According to one Tajik government source, there have been complaints that the wives of officials don't pull their weight when it comes to doing volunteer work, such as cleaning roads and park maintenance. (file photo)
According to one Tajik government source, there have been complaints that the wives of officials don't pull their weight when it comes to doing volunteer work, such as cleaning roads and park maintenance. (file photo)

The wives of Tajik government officials have received news they might not like: their husbands could get in trouble if their spouses don't take part in volunteer work.

The warning came from the head of the State Services Agency, a body that oversees state employees' compliance with the country's laws and their professional Code of Ethics.

Speaking in a media briefing in Dushanbe, Juma Davlat said the agency had received complaints that the wives of government officials often skip out when the call goes out for volunteer work, such as cleaning neighborhoods or planting trees and flowers in communal gardens.

"If we receive any complaint that the wives of the officials are not joining such events, we will have a word with their husbands," Davlat assured.

"Compliance with the Code of Ethics should start from home," he said, stressing again that "the wives of the officials must take part in community volunteer set a good example to others."

Disciplinary Action

Davlat said the recently updated code "now regulates state employees' conduct both at work and outside work."

"It applies to all state employees and their conduct not only at the workplace, but also outside work-related places, their behavior with members of the public, and even with their family," Davlat said.

"Now we can take disciplinary action even if the breach of the code occurs outside the workplace."

The Code of the Ethics for State Employees states that officials could face disciplinary action for breaching the code, and face other legal liabilities if their conduct is criminal.

One Tajik law expert confirms that the Code of the Ethics for State Employees is indeed considered law, and the agency has the right to take actions against those who violate it.

'Expecting Special Treatment'

However, it cannot be extended to the conduct of state workers' spouses aside from exceptional circumstances, according to Dushanbe-based opposition politician Shokirjon Hakimov, who holds a PhD in law.

"There could be a case if the wife of an official exploits her husband's official position, or a government employee exploits his official position to put pressure on a neighborhood committee or a homeowners' committee that results in their spouses getting better treatment than others," Hakimov said.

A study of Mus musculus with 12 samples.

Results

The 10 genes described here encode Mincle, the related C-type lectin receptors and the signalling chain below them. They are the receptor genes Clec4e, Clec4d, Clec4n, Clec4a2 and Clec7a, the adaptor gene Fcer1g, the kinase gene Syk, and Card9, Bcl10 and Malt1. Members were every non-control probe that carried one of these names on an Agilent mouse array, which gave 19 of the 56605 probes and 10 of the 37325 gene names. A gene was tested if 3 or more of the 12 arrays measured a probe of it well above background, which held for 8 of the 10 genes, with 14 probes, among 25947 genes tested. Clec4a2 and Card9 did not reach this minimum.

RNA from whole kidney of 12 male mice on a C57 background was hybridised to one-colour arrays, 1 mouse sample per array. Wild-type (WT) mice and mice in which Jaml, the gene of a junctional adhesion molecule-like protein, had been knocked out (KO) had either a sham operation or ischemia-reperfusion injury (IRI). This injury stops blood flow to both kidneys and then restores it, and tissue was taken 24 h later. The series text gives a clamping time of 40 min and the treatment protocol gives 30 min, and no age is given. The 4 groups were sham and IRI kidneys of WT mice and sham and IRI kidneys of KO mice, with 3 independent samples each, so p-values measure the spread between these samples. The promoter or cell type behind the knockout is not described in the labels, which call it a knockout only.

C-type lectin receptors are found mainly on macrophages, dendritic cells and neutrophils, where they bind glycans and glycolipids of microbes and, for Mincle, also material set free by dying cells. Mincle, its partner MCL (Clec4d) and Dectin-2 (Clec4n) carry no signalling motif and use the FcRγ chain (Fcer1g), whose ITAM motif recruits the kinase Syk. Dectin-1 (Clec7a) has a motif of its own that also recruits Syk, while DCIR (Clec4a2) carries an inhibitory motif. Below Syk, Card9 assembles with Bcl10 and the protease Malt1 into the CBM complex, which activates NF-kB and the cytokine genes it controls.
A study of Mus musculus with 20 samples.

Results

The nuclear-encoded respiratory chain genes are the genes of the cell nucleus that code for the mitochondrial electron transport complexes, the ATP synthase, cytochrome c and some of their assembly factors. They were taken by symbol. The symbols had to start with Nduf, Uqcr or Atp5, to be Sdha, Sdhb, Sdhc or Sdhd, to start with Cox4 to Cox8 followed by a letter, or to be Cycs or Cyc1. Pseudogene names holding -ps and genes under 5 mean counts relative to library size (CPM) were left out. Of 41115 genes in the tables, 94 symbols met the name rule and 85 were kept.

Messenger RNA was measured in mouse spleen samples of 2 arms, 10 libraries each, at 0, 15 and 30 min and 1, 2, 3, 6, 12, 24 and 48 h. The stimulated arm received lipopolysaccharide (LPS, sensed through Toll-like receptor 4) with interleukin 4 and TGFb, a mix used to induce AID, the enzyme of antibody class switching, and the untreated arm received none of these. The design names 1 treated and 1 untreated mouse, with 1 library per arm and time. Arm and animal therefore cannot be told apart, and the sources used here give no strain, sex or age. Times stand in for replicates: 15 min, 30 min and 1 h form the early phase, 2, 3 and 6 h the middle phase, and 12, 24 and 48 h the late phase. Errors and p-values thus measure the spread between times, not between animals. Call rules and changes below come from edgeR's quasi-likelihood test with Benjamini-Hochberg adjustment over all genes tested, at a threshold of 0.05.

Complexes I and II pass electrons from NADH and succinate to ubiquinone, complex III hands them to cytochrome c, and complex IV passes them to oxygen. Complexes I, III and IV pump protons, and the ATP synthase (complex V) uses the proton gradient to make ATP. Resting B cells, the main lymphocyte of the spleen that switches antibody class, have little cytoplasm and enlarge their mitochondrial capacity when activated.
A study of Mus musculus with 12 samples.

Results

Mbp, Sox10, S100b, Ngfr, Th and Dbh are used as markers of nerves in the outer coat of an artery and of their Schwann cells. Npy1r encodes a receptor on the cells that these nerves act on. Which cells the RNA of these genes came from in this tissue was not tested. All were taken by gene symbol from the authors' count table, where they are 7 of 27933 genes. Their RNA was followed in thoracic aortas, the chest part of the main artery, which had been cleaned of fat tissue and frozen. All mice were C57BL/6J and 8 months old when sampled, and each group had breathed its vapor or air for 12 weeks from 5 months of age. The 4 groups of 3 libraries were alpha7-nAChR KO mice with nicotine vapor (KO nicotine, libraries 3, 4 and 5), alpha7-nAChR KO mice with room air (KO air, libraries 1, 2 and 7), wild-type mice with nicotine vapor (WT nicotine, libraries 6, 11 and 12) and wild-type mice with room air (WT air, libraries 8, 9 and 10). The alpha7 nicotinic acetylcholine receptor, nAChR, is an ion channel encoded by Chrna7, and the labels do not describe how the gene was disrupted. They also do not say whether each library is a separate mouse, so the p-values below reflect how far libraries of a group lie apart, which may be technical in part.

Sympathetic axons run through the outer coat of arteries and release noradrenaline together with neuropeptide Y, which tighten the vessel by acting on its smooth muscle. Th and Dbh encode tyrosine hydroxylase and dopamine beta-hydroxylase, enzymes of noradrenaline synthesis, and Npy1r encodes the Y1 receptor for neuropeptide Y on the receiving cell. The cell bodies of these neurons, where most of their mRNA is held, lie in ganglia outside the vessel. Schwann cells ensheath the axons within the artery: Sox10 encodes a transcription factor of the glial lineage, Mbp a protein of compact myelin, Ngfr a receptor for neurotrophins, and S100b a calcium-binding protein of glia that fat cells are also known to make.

Some Dushanbe residents told RFE/RL's Tajik Service that the wives of some government officials see themselves as entitled.

"Being the wife of a high-ranking official often is seen as some kind of position," says Dushanbe resident Adiba Aziz, adding that they expect -- and often get -- special treatment at everywhere from beauty salons to government offices.

"They wouldn't be seen dead cleaning the streets like the rest of us," said another Dushanbe resident, who didn't give her name. "

'A Reputation To Consider'

While admitting that family members of high-ranking officials have it easy, one such spouse notes that awareness is crucial.

Gulandom Nozimova's husband is deputy district mayor, and she says that "at every step" she has to consider the impact of her actions on her husband's reputation.

"I don't do anything that would harm my husband's reputation," she said. "Being the wife of an official is not easy. You always have more guests than others."

"Your husband is busy and can't attend all private functions that relatives hold and you need to attend them instead, trying to keep everyone happy," Nozimova says.

As for taking part in neighborhood cleaning work, Nozimova says she doesn't avoid it, "although I don't know what people say behind my back."


    Mumin Ahmadi is a correspondent for RFE/RL's Tajik Service.


    Farangis Najibullah is a senior correspondent for RFE/RL who has reported on a wide range of topics from Central Asia, including the region’s ongoing struggle with the coronavirus pandemic and its economic impact. She has extensively covered efforts by Central Asian states to repatriate their citizens who joined Islamic State in Syria and Iraq.